There is no dot race at Kansas University home football games.
The speakers don't bombard you with quacking ducks, sirens or other funny noises.
The latest rap lick won't drown out the KU Marching Band.
"People don't come to the football game to watch the video board," said Mike Lickert, video production coordinator with Rock Chalk Video Productions, an arm of the KU athletic department.
Lickert knows he walks a fine line in producing the home football games.
He has at his disposal a $1 million MegaVision video screen that is 24-feet by 32-feet, four cameras spread around the stadium, 28 speakers and a control room packed with computers and assistants.
But too much light and noise and the game begins to resemble a rock concert.
"There are just so many different philosophies of what to do with your big screen," said Lickert, who has seen the extremes at stadiums across the country. "Our focus is to complement the game add to the atmosphere."
Lickert arrived at KU last year from the University of Nebraska, where he studied journalism and mass communications and worked during college, and for two years after, with HuskerVision.
When he's not producing KU games, Lickert helps compile highlight reels for the university's other sports, does promotion commercials for the athletic department and has a role in producing the coach's shows.
During football games Lickert calls the shots on the MegaVision, which draws its picture from 995,328 tiny light-emitting diodes of red, blue and green.
It is paired with about $500,000 in computers and other equipment.
Tom Fowler, KU student
Four cameras feed the control room with video images of the game.
Three computers are used to digitally record each play and then are used for the replays at most any speed.
Another computer can store and play up to 1,000 different songs and sound bites.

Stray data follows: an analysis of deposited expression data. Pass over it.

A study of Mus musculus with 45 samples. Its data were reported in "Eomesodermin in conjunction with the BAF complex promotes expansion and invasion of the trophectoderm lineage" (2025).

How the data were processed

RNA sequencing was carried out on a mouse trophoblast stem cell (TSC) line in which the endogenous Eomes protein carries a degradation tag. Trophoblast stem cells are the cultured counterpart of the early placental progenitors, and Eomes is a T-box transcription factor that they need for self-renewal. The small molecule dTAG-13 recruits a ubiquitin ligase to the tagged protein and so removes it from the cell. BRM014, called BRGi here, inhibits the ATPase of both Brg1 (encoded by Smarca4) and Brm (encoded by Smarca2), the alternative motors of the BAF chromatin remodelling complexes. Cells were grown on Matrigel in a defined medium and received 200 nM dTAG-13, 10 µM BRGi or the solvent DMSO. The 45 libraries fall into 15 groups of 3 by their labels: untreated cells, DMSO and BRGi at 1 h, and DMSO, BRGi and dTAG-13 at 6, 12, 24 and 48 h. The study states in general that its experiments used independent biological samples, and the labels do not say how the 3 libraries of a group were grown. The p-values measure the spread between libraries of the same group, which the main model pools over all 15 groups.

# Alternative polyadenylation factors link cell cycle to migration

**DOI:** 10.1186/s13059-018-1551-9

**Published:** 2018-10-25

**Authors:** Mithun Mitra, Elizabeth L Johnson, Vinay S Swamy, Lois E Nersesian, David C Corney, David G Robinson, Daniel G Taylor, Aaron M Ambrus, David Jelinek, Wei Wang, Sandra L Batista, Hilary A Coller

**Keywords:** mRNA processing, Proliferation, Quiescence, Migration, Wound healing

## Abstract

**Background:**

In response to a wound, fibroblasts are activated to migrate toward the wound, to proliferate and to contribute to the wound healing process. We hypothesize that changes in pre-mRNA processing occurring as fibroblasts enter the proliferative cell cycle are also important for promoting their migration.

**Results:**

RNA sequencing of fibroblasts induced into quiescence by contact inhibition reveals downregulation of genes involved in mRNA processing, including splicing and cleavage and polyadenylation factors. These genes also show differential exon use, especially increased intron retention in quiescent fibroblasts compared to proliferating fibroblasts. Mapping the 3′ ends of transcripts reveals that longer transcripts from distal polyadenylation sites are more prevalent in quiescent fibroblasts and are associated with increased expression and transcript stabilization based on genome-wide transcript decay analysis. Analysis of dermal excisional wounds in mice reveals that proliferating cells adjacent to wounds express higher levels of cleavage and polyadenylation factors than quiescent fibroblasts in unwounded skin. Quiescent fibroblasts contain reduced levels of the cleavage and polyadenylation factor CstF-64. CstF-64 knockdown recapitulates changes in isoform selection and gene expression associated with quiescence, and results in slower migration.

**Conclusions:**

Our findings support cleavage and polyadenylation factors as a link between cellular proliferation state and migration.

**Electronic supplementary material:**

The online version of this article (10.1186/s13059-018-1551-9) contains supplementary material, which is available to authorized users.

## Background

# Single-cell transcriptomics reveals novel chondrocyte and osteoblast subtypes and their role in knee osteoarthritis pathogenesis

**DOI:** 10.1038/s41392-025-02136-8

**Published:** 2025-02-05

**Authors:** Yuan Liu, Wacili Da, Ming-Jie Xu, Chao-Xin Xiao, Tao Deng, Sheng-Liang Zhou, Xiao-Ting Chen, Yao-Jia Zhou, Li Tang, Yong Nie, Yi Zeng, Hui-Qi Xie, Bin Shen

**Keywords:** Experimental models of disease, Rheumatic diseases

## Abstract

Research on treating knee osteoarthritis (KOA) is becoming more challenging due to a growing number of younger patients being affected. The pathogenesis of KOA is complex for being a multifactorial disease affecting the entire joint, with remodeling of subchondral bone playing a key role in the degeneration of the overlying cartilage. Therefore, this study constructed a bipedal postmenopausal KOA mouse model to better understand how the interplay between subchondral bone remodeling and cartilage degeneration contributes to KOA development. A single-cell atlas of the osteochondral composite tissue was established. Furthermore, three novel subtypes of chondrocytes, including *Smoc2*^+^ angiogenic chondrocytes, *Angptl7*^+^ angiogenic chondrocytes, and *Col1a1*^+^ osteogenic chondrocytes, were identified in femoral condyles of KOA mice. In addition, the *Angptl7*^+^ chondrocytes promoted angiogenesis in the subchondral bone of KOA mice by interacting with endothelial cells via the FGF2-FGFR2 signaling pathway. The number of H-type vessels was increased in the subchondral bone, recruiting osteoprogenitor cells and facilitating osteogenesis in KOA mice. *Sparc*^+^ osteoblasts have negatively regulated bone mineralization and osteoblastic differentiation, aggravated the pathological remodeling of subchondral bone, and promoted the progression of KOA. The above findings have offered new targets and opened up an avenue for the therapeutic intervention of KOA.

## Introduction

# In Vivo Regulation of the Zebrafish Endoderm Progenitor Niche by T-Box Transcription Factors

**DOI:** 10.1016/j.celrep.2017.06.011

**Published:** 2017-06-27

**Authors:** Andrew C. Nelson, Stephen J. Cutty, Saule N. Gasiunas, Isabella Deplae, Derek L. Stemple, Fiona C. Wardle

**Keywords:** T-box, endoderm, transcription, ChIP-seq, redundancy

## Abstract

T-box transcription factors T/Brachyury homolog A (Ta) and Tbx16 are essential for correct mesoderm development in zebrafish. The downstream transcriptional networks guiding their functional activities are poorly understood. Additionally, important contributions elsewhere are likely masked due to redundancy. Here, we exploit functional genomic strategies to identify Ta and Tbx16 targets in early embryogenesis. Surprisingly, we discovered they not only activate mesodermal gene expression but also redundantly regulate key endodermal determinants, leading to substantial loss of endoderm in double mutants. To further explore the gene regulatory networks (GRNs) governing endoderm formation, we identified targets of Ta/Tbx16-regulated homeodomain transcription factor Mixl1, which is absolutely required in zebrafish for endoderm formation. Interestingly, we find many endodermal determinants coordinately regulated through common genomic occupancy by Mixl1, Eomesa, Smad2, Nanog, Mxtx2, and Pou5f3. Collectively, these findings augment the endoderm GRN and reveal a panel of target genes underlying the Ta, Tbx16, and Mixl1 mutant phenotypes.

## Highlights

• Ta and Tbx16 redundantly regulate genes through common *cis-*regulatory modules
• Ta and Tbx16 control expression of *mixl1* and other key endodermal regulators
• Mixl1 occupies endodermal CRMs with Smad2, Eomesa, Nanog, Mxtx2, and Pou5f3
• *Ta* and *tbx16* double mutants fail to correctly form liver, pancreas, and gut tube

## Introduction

Statistics and photos, like player head shots, to be posted on the MegaVision board are stored on yet another computer.
Thankfully, Lickert has help: 10 people in the control room on game day and about as many around the stadium. The staff is a mix of freelance professionals and students.
One man spends each game adjusting the brightness and color on the cameras. Seven students, mostly broadcast or film majors, are hired for tasks ranging from running the replay machines to organizing camera cords.
The efforts of Lickert and his assistants get mixed reviews.
"I think it adds to the game to be able to see the replays." said Tom Fowler, a 21-year-old KU student. "Overall, it just kind of adds to the experience."
Teresa Fowler of Lawrence took her 7-year-old son to a game last year and both enjoyed the video board, which helped in following the action when the team was at the other end of the field.
It didn't mean sacrificing the ambiance of amateur sports, she said.
"I think it still felt like college football," she said.
Not everyone is pleased by the infusion of technology into the tradition.
"I'm a purist," said Gary Jennings of Lawrence. "I think they are a distraction. It's become more of an entertainment event than a sporting event."
Lickert said he knows he won't please everyone.
"The older generation thinks we play everything too loud," he said. "The students think we need to play twice as loud."
Lickert tries to aim for a balance.
He orchestrates breaks in the action with the KU Marching Band.
Sometimes he will rerun a stellar play.
Other times, the band lets fly with "I'm a Jayhawk."
"We try to keep everything flowing and keep it a nice straight show," Lickert said.
Other than a public service announcement or two, Kansas home games don't include commercials.
"That's something we've really, really tried to stay away from," Lickert said. "They've done it at Texas, and fans literally have booed the screen."
And they don't include the obligatory "dot race," in which animated dots or ponies or stingrays or baseballs race around a digital track to the cheering crowd.
"I don't think it adds a great amount of value," Lickert said.
During the game, Lickert will run the plays live as they happen and then run at least one replay, something even Jennings admits to watching.
Amazing plays by the home team likely will earn the posting of the player's picture and additional replays in slow motion.
But visitors can watch their triumphs in replay as well.
"Some schools will not show an opposing team's good plays," Lickert said. "We will show everything at least once."
Lickert said little has changed from last year's debut of MegaVision.
Some of the equipment has been updated. There are new short animated features to signal a touchdown.
"The head shots are neater than last year," Lickert said.
But with a year under their belts, the production should have improved, Lickert said.
"Each year we hope to get a little better and better," he said.